New Camden Cancer Center Offers Hope for Today, Sets Ambitious Goals for Future

Andrew Kitchenman | October 8, 2013 | Health Care
Christie says facility will provide many with new hope for future; Menendez says it also illustrates need to end government shutdown

Credit: Amanda Brown
Gov. Chris Christie and George Norcross.
The MD Anderson Cancer Center at Cooper will begin offering treatment within weeks, but its largest impact will take decades to unfold as it joins the global effort to develop new treatments for cancer.

That was part of the message at yesterday’s opening ceremony, which was attended by some of the state’s top political and healthcare officials.

The partnership between Cooper Health System and the University of Texas MD Anderson Cancer Center, announced in June, will include South Jersey patients in clinical trials and research.

“This is a really special day for all of the people who walk through the doors in the years to come,” said Governor Chris Christie, who said treatments available at the center will give patients hope that “there is a tomorrow for them that will be filled with healthier days.”

MD Anderson President Dr. Ronald DePinho said the work done at Cooper will contribute to MD Anderson’s mission, which is to “eliminate cancer.”

Christie and other officials at the event predicted that the center will save lives, a point that was also emphasized by U.S. Sen. Robert Menendez, who noted that MD Anderson leads the nation in National Cancer Institute research funding.

Menendez launched into a critique of the ongoing partial shutdown of the federal government. He said the commitment shown in building the Cooper-MD Anderson partnership is similar to the commitment “that the federal government has when it funds the National Institutes of Health and National Cancer Institute. It is why we must get this government up and running again, so that all of the lives and hopes and dreams and aspirations of all of those people are affected by what the government does, can continue to be realized.”

Menendez, a Democrat, also cited the need to keep treatments at the cancer center available to uninsured residents through the 2010 Affordable Care Act.

Republican members of Congress have argued that the parts of the ACA must be delayed.
But Menendez said that increasing the number of people with health insurance, instituting caps on out-of-pocket healthcare expenses, and eliminating consideration of pre-existing conditions in providing insurance coverage “are all elements of what we are in the midst of trying to preserve today.”

U.S. Rep. Rob Andrews, a Democrat whose district includes Camden, compared current research being done to find a cure for cancer to the 1960s effort to land astronauts on the moon.

“I believe that that same kind of commitment is the cause of our generation and our time, for the curing of cancer in our lifetime,” Andrews said. “I am so proud and so grateful that our home, our community, will be at the cutting edge of this great global effort.”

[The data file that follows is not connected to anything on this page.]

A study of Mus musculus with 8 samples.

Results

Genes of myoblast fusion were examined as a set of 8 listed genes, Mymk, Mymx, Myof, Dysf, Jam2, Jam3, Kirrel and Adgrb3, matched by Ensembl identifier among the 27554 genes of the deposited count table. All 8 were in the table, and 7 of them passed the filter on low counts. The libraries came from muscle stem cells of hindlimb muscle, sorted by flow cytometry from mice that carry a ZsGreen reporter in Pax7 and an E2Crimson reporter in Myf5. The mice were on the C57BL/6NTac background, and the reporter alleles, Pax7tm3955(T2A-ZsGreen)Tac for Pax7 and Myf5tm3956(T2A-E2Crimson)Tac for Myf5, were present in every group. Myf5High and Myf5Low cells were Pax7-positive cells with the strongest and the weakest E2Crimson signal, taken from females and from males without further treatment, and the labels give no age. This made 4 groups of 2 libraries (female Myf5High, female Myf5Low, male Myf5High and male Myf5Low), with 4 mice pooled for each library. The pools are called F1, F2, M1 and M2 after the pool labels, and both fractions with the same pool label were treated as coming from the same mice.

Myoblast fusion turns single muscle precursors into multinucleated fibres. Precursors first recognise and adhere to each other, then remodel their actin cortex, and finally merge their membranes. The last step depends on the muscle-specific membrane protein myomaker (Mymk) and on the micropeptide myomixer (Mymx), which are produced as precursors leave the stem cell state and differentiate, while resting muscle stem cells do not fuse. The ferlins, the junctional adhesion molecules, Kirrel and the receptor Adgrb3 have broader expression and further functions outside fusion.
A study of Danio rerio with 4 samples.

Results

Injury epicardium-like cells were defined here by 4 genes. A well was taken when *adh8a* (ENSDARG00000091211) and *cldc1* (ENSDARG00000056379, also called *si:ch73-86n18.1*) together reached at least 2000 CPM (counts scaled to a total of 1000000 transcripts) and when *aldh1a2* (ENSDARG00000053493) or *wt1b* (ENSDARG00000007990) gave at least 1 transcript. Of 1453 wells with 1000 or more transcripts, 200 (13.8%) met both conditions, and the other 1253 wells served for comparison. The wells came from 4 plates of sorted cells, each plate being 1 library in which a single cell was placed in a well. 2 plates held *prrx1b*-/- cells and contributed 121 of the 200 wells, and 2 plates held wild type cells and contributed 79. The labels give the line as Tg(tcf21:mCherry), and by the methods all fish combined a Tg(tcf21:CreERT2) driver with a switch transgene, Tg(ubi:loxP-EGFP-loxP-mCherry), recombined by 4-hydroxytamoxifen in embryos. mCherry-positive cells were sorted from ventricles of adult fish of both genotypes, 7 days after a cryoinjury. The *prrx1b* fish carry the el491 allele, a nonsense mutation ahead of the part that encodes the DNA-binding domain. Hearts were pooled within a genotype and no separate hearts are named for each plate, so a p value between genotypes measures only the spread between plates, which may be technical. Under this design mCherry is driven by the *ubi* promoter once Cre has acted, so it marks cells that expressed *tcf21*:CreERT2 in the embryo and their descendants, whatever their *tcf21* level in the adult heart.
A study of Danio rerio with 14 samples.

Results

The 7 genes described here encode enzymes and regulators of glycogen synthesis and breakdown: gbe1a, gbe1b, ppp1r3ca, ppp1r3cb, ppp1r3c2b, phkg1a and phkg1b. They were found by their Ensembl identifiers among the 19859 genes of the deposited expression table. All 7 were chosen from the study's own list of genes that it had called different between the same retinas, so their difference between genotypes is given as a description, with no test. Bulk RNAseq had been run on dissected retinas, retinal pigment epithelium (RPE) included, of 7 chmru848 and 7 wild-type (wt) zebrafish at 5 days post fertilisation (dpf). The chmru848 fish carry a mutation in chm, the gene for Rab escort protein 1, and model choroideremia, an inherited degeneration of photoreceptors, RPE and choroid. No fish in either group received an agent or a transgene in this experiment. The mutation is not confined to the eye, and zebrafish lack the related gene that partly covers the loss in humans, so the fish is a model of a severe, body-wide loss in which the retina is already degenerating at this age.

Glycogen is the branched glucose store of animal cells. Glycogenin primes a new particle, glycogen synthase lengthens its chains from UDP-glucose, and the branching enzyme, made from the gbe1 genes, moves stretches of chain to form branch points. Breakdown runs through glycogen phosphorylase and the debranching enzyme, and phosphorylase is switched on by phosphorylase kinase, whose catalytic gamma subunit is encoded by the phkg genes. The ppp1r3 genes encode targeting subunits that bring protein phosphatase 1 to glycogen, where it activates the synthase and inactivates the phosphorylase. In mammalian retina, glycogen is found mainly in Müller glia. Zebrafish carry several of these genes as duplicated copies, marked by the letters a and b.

The $100 million center has been planned since 2002. It will bring together specialists in several different cancer treatment areas, including medical, radiation, surgical and gynecologic oncology, as well as urology. Cooper doctors will learn treatment protocols and consult with doctors at MD Anderson.

The center has chemotherapy treatment areas, as well as advanced diagnostic and treatment technology.

Its design incorporates earth tones, natural materials, artwork and a rooftop garden, which are all intended to be conducive to healing.

Christie said the key trait of Cooper Chairman George Norcross and others involved in making the center a reality was “relentlessness” in the face of cynicism and skepticism.

The point was emphasized by Cooper President and Chief Executive Officer John P. Sheridan Jr., who said the story of Cooper’s rise from the brink of bankruptcy in 1999 to its partnership with the country’s top-rated cancer hospital “is the story of George’s vision and how his sheer determination has turned that vision into reality.”

For his part, Norcross credited Christie and former governors Jon S. Corzine and James E. McGreevey with supporting Cooper and Camden.

“All that they’ve asked in return is accountability and responsibility in performance,” Norcross said.

Franklinville residents Ted and Marianne Colanduno attested to the benefits of locating the facility in South Jersey. Ted Colanduno was diagnosed with carcinoid tumors, the same rare form of cancer that caused Apple founder Steve Jobs’ death, in 2008. Since then, he has made eight to 10 trips to MD Anderson in Houston to receive treatments, he said. He expressed gratitude that he will now be receiving these treatments locally. His wife Marianne, who has been treated for breast cancer at Cooper, has been pushing hospital staff to launch the MD Anderson partnership as quickly as possible.

Area doctors who will be referring patients to the center are scheduled to visit the facility next week, followed by the launch of treatments in the cancer center, which is across the street from the main Cooper hospital building.